Blocking Calls to the PSTN with Direct Routing

If you’re on Direct Routing, blocking calls is as “simple” as ensuring that there is no route to the destination in the Voice Routing Policy assigned to the user placing the call.

For example, if we have a voice usage for national calls that looks like this ^\+(1\d{10})$ then any call that matches +1xxxxxxxxxx (that’s ten x if you’re wondering) will be allowed through. Carrying on with our example from previous posts of blocking calls to the 425 area code, we could change the route pattern to


And calls to the 425 area code would no longer match this entry. That regex looks a bit gnarly. The +1 will always need to be at the start. (?!425) means “not 425”. The | is an OR, and (\d{3}) is any 3 digits. This says “We need +1 then (Not 425 but any other 3 digits) then 7 more digits.

If you have multiple voice usages – perhaps for service numbers, national, and international – you should be able to modify only the voice route associated with the national usage to block calls to the 425 area code.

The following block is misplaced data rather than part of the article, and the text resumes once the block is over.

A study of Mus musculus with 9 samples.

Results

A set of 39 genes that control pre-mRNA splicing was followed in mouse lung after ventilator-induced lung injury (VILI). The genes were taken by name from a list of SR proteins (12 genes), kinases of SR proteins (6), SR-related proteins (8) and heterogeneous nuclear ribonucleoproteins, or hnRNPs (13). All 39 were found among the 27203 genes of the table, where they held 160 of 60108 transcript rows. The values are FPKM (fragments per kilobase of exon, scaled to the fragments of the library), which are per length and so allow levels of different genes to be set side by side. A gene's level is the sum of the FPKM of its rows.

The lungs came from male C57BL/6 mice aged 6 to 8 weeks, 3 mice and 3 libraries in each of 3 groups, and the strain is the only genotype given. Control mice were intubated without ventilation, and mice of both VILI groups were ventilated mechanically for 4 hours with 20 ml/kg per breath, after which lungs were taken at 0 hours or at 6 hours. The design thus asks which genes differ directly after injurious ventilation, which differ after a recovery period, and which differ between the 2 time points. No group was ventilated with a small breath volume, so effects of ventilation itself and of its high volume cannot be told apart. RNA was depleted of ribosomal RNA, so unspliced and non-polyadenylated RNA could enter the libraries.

This will work because a call to +1425xxxxxxx wouldn’t match with other typical usages, like service numbers (2xx-8xx) or international (country codes other than +1). However, if you have a more complex setup of usages and routes, you will need to ensure that a route further down the ordered list of usages does not allow the call. That is because while usages are evaluated top-to-bottom, evaluation continues until a route match is successful AND the call completes OR until the list is exhausted.

If you have ^(\+1((?!425)|(\d{3})\d{7})$ route in a usage above ^(\+1(\d{10})$ then a call to the 425 area code would be blocked by the first usage but would match the second usage.

This will definitely catch people using (.*) as a catchall for international calls at the bottom of their usage list. This also means that you cannot simply create a usage and route that blocks a call and insert it into the list of usages above a rule that would allow it. Your exception/block must take place in the same route regex that would match and permit the call.